Ronald Reagan at home in Santa Barbara, California, 1976 (National Archives)
Who can forget President Reagan in Berlin, daring Mikhail Gorbachev to “tear down this wall.” Or his quip to Nancy, “Honey, I forgot to duck,” after taking an assassin’s bullet.
Ronald Wilson Reagan (1911-2004) lived a life filled with many extraordinary moments. Born poor in small-town Illinois, he kept his eye on the prize as he progressed from radio sportscaster to Hollywood actor to California governor, and finally to the White House as our 40th President.
Forty years after he left the White House, Reagan has assumed a near-mythical place in American history, even as the public forgets the details of his life. He served two terms that had their share of success and stress. His “Reagonmics,” meant to spur economic growth, was widely criticized. The Iran-Contra affair dogged him. But his nuclear arms reduction agreement with the Soviet Union remains his greatest legacy. He was criticized for lacking intellectual heft, but admired as the Great Communicator. He was accused of leaving the hard-nosed political scheming to others. But his good nature and willingness to see the good in people was unimpeachable.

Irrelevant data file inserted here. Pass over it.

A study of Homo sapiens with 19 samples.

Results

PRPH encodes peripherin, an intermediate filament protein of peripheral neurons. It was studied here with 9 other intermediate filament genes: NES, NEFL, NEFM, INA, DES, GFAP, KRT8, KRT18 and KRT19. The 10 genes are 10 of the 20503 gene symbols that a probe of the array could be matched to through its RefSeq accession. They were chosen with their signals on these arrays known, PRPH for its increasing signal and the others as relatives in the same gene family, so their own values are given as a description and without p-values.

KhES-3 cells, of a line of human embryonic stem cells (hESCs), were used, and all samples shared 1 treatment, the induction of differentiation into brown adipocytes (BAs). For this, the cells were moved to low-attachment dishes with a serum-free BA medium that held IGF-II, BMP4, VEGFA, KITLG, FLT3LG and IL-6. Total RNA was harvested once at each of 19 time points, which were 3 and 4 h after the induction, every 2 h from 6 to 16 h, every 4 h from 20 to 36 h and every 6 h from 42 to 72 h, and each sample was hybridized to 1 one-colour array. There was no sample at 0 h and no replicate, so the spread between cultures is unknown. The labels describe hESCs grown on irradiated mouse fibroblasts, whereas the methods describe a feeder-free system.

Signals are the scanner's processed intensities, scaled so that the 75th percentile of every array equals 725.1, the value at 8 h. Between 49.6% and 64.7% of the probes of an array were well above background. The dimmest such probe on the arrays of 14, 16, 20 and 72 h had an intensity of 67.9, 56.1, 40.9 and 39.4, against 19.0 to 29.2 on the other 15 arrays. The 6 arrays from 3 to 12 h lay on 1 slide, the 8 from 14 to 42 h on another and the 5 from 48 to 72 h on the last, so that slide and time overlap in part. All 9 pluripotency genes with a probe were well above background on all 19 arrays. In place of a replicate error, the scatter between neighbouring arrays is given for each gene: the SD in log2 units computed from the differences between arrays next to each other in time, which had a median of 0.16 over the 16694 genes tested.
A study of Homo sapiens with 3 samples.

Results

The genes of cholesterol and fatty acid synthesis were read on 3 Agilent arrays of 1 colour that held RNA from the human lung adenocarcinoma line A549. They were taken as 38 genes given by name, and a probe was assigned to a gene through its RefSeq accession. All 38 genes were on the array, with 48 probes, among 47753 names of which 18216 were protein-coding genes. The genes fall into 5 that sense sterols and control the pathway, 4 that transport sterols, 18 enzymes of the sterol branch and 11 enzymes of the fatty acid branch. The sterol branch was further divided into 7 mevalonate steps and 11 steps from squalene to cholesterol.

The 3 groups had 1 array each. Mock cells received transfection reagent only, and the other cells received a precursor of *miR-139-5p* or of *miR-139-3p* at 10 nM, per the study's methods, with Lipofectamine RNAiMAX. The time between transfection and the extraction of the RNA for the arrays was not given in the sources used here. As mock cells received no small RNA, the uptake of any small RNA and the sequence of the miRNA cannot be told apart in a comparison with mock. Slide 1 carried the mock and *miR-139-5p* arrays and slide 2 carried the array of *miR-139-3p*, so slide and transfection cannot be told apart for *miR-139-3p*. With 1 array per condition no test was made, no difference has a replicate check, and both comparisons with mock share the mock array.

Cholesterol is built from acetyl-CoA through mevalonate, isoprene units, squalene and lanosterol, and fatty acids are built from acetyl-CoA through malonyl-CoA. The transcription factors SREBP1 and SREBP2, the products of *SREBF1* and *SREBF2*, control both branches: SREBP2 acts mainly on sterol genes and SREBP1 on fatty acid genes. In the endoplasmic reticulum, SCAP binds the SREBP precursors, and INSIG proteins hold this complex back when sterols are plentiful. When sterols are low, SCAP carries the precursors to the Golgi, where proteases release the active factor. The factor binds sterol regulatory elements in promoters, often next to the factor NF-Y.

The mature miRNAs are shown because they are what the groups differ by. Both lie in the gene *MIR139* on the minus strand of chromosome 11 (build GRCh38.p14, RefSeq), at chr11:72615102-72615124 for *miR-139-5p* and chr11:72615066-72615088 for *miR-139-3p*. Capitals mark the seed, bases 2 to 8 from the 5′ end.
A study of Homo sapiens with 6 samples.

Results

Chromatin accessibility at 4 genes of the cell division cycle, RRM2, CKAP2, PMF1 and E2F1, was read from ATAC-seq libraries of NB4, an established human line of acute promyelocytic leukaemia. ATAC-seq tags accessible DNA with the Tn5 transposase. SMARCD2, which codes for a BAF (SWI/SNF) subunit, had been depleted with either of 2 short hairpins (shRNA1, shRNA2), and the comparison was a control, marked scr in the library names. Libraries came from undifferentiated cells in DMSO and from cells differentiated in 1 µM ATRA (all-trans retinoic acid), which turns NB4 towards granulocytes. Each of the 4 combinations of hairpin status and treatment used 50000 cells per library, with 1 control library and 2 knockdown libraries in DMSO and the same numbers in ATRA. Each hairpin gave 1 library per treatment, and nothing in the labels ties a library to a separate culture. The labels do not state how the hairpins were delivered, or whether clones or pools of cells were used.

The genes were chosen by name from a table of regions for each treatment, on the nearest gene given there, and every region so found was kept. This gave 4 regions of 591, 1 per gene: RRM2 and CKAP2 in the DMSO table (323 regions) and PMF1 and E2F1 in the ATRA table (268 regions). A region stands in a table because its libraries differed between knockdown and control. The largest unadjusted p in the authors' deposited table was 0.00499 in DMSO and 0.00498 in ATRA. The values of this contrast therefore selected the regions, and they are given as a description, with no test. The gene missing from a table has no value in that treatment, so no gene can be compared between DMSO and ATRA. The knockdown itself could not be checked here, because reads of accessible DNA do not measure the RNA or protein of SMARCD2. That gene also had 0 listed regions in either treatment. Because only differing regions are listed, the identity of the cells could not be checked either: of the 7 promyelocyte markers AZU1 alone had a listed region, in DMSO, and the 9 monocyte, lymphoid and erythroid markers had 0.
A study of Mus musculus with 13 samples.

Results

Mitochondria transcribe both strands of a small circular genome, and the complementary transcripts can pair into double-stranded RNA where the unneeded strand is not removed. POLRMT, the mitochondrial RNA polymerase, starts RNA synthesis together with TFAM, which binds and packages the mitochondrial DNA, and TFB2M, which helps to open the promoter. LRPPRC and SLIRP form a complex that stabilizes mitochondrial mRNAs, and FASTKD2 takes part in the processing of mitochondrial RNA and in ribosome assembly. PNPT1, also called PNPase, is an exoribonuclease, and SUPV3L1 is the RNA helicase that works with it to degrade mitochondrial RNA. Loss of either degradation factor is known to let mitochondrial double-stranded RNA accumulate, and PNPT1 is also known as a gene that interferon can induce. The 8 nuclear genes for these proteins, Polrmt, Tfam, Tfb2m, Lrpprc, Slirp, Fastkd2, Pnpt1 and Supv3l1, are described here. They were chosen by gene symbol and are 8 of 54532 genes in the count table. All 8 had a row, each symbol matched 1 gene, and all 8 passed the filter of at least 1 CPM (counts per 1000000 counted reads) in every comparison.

This evening, best-selling author Bob Spitz sits down with journalist Steven Roberts to talk about his new biography, Reagan: An American Journey, which portrays a man who—by dint of luck, charm, or something else—landed the role of his life.
Reagan: An American Journey (Penguin Press) is available for signing after the program.